In the late 1970's, faced with rising fuel costs and growing demands for a more efficient use of the available airspace, the International Civil Aviation Organisation (ICAO) initiated a comprehensive programme of studies to examine the feasibility of reducing the 2000ft Vertical Separation Minimum (VSM) applied above FL290, to the 1000ft VSM used below FL290. Throughout the 1980s, various studies were conducted, under the auspices of ICAO, in Canada, Europe, Japan, and the USA.
The underlying approach of the programmes was to:
- Determine the height keeping accuracy of the altimetry systems of the then current aircraft population.
- Establish the causes of observed height keeping errors.
- Determine the required safety levels for the implementation and use of a Reduced Vertical Separation Minimum of 1000ft at/above FL290.
- Define a Minimum Aircraft System Performance Specification (MASPS) - for aircraft altimetry and associated height keeping equipment - which would improve height keeping accuracy to a standard compatible with the agreed safety requirements for RVSM.
- Determine whether the global implementation and use of RVSM was:
- Technically feasible, subject to the overriding need to satisfy the agreed safety standards.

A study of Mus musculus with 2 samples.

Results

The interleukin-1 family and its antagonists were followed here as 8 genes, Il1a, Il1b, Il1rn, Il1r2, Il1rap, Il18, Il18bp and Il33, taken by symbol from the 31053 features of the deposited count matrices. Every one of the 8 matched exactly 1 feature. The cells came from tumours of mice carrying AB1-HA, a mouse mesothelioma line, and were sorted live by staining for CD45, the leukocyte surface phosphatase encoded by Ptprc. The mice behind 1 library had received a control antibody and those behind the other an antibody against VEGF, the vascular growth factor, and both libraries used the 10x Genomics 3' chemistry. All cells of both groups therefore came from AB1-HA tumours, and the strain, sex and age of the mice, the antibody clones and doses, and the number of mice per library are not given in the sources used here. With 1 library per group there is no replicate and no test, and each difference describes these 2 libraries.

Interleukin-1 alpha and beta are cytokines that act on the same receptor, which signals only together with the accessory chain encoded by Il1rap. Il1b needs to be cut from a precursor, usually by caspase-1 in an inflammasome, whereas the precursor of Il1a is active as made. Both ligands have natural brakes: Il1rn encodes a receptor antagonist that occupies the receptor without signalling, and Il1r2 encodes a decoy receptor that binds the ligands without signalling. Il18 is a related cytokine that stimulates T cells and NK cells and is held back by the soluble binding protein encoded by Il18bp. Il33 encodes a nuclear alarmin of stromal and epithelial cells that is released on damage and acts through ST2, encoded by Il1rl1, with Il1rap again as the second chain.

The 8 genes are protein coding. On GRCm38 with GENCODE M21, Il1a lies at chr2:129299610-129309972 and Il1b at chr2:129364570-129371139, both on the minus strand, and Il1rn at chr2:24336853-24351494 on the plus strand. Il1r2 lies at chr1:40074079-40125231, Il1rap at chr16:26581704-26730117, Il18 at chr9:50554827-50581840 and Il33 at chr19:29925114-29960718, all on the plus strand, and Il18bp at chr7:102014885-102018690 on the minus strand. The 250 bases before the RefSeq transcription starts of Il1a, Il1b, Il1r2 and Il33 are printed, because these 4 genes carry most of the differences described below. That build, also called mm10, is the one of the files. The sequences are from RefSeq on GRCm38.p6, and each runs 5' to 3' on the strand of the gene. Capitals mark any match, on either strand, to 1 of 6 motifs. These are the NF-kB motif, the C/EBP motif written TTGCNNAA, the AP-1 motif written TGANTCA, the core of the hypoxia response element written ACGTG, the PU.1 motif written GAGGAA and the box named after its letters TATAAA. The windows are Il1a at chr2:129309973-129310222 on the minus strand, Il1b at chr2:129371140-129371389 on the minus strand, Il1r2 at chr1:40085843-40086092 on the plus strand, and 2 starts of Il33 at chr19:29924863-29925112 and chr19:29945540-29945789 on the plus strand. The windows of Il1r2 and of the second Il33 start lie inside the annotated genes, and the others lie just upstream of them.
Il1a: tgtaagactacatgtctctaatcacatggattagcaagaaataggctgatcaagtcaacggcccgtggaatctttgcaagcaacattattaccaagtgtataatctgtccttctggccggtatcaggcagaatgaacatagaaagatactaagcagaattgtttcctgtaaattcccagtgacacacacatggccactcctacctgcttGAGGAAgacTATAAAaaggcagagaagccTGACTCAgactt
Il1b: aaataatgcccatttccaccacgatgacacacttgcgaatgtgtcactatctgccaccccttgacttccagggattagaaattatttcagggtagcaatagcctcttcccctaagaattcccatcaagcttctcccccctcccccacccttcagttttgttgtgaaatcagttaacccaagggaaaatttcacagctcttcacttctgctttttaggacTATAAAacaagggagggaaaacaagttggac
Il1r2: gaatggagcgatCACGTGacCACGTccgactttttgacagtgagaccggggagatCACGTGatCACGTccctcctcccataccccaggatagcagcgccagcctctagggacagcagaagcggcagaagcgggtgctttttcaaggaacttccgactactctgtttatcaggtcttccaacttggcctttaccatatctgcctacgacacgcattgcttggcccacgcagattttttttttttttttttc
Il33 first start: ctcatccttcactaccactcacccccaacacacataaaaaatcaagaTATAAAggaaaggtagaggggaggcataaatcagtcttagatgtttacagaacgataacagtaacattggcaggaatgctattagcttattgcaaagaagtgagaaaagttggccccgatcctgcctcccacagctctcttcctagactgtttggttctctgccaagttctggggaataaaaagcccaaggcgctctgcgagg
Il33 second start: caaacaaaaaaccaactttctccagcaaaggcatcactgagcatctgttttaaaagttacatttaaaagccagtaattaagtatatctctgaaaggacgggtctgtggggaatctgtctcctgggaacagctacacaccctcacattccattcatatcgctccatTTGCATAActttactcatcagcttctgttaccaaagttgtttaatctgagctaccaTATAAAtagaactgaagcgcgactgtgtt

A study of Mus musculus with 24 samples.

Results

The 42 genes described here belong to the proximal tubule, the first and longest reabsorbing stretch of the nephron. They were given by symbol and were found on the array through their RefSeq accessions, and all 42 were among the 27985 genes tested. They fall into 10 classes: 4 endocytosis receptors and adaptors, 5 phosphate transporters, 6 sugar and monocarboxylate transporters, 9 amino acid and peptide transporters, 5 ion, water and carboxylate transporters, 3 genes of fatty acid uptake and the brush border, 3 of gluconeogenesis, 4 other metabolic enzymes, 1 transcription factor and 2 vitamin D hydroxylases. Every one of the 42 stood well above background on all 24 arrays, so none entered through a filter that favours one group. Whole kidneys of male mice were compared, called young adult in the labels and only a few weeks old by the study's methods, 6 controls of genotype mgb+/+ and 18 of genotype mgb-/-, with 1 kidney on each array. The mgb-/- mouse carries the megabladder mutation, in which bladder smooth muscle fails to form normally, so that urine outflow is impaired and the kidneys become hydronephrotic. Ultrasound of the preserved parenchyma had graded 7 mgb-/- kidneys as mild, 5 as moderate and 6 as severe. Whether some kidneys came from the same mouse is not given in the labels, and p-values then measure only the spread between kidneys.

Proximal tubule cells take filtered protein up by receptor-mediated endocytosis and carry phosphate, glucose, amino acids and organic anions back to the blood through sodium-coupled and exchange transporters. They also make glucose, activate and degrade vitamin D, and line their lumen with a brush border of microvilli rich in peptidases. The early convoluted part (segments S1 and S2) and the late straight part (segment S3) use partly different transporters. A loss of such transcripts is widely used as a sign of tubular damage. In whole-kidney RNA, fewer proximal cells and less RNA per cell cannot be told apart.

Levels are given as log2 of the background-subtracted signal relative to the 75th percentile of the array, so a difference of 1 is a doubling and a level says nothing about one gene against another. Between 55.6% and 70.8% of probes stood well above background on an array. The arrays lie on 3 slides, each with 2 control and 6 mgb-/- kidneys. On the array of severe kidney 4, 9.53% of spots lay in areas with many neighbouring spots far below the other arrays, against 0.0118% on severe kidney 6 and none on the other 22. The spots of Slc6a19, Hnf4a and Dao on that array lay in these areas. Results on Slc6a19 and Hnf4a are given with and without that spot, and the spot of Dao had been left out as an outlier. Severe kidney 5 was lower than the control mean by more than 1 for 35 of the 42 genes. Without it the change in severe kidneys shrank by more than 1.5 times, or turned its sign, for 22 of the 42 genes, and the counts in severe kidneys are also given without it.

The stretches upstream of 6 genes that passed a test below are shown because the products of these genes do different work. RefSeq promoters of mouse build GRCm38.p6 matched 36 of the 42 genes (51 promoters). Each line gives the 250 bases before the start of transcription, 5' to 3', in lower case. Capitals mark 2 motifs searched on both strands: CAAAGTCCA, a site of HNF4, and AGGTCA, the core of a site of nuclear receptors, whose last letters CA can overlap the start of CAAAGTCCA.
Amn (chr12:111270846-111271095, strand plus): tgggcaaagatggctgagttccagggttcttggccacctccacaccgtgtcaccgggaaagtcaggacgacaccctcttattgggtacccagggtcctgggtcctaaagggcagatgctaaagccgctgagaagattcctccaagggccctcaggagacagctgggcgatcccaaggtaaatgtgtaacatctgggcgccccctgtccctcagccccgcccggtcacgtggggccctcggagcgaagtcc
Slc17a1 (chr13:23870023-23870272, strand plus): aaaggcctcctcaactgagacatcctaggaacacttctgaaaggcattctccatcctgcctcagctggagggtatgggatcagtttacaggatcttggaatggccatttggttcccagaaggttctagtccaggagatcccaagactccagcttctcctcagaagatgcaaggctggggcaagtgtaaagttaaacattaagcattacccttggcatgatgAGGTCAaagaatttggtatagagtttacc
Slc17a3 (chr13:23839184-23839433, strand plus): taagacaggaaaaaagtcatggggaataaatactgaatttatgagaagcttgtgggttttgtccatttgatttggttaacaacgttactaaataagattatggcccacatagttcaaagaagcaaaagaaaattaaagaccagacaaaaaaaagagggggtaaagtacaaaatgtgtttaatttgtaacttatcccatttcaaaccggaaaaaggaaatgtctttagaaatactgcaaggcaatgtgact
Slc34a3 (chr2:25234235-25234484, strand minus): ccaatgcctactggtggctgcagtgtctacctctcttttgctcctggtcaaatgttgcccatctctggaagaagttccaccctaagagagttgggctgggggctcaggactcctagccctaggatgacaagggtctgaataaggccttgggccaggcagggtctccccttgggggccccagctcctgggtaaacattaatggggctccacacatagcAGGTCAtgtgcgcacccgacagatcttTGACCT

- Cost beneficial.
The results of these exhaustive studies demonstrated that the global reduction of vertical separation was safe, feasible - without the imposition of unduly demanding technical requirements, and cost beneficial.
The studies also showed that the types of aircraft and the essentially unidirectional tidal flow of traffic in the North Atlantic (NAT) Minimum Navigation Performance Specification (MNPS) airspace made this Region an ideal candidate for the first implementation of RVSM.
Planning for RVSM in the NAT Region commenced in 1990. The first stage of the Operational Evaluation phase, using the 1000 ft RVSM, began on the 27th March 1997 at and between FL330 and FL370 inclusive. In 1998, the second stage extended the use of RVSM to between FL310 and FL390 inclusive.